Around a three-hour drive from Vishakhapatnam, Araku is a picturesque hill destination, with a rich tribal heritage and a history of coffee cultivation. The drive there is filled with curvy hairpin bends and views of the beautiful hills, and you have the option of stopping at one of the many coffee stalls en route, which not only sell a hot cup of coffee but also the local speciality, bamboo chicken, which is a lip-smacking chicken dish, marinated in a spicy masala and slow-cooked inside a bamboo stump over a fire.
It was around 5pm when we reached our campsite at the second edition of the annual Araku Balloon Festival, organised by the Andhra Pradesh Tourism in association with E-Factor Adventure Tourism. I was put up in a luxurious tent, along with my roommate. We thought we’d have to wait till the next morning to see the balloons, but we were informed of the tethered night-glow that would take place around 7pm. We were driven to the grounds, where people from the media, villagers and tourists all came together to watch the balloons be lit up in an amber hue, against the backdrop of a starry night. After we returned to our campsite, there was a special tribal dance performance waiting for us. The women of the local tribal community performed the traditional ‘Dhimsa’ dance around a bonfire, and the dancers encouraged everyone to join them and end the night Araku-style.
Next morning, we woke up to a not-so-great surprise – we were engulfed in a thick fog. The only option we had was to wait for the fog to roll away. Around an hour later, we were ready to go. We drove to the launch site, where all the balloons were being prepared to take off, and were introduced to our pilot, Johan van der Meiren, who was from Belgium. He and his crew were in the process of inflating the balloon, using nitrogen and propane gas cylinders. Once the balloon was fit to fly, Meiren told us to hop inside the basket and away we went.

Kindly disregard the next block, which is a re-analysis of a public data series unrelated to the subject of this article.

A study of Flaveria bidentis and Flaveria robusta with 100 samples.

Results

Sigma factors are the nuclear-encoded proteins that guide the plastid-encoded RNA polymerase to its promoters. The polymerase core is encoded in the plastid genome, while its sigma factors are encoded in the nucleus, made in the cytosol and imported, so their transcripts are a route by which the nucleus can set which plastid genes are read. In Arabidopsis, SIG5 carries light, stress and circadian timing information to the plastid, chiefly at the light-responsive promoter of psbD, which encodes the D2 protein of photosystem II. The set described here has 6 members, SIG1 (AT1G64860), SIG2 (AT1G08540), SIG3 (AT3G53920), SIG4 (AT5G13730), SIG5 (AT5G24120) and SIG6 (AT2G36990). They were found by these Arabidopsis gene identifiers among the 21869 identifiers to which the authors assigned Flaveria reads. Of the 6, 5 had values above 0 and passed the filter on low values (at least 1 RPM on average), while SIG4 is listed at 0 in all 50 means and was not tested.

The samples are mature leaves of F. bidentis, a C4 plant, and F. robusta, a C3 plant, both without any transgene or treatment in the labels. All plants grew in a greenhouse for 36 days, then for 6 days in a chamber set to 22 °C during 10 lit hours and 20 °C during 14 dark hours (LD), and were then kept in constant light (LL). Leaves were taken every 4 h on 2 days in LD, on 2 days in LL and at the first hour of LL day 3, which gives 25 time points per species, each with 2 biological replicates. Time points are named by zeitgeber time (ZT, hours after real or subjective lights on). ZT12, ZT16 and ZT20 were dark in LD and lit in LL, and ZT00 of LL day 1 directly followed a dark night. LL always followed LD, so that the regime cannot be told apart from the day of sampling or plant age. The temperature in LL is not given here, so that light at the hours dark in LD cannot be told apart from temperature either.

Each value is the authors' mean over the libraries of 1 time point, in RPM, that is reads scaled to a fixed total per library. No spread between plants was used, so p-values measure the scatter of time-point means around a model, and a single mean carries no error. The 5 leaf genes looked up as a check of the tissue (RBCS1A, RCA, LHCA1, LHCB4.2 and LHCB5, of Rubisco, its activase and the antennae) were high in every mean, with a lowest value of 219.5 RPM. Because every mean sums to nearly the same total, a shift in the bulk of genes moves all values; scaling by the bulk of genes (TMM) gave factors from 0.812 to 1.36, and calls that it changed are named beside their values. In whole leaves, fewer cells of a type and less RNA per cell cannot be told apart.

Our balloon was the first one to go up, and as soon as it started to move upwards, the huge crowd gathered below began to clap and cheer. Our pilot waved to the crowd and we joined in too. Meiren is a cheerful man, whose passion for ballooning can be seen from miles away – I don’t think I’ve ever met someone who was that excited to take a big balloon hundreds of metres up in the air. He told us that he has over 1000 hours of ballooning experience and has flown in many countries, but India remains his favourite. On being asked about the exact science of how the balloon works, he answered, “Hot air goes in, balloon goes up. Cold air goes in, balloon goes down.” If everything was as simple as Meiren’s explanations, life would be perfect. What he meant to say, of course, was that when the air trapped inside the balloon is heated, it rises. This is because hot air in the atmosphere always rises, as it is less dense than the surrounding air. If you stop heating the air within the balloon, it cools down, making the balloon heavier and forcing it downwards.
We were around 200-250 meters in the air, trying our best to take in the breathtaking view of the Araku valley surrounding us, and literally throwing all our cares to the wind. After a 30-minute flight, our pilot told us we’d be landing shortly, and since hot air balloons don’t have any kind of steering mechanism and completely rely on the wind, this was likely to be an interesting experience. While he was aiming to land on a paddy field and was still a good 80-90 meters in the air, we saw a crowd of people, mainly led by children, pointing and running towards our balloon. From women with babies in their arms to men with kids on their shoulders, everyone from the village surrounded our balloon as soon as we landed. Armed with their phones, the villagers started shooting pictures with the balloon and our pilot.
The next morning, while on my flight back to Mumbai, I truly came to appreciate the concept of a hot air balloon and what it offers its passengers – a purity and serenity that airplanes cannot. No windows blocking your view, no deafening engine noises – just you and the open skies.
Andhra Pradesh is looking to offer something quite unique with the Araku Balloon Festival, as a way to boost tourism in the state. This was its second edition, and with the number of attendees growing and word about the festival being spread, they seem to be on the right path.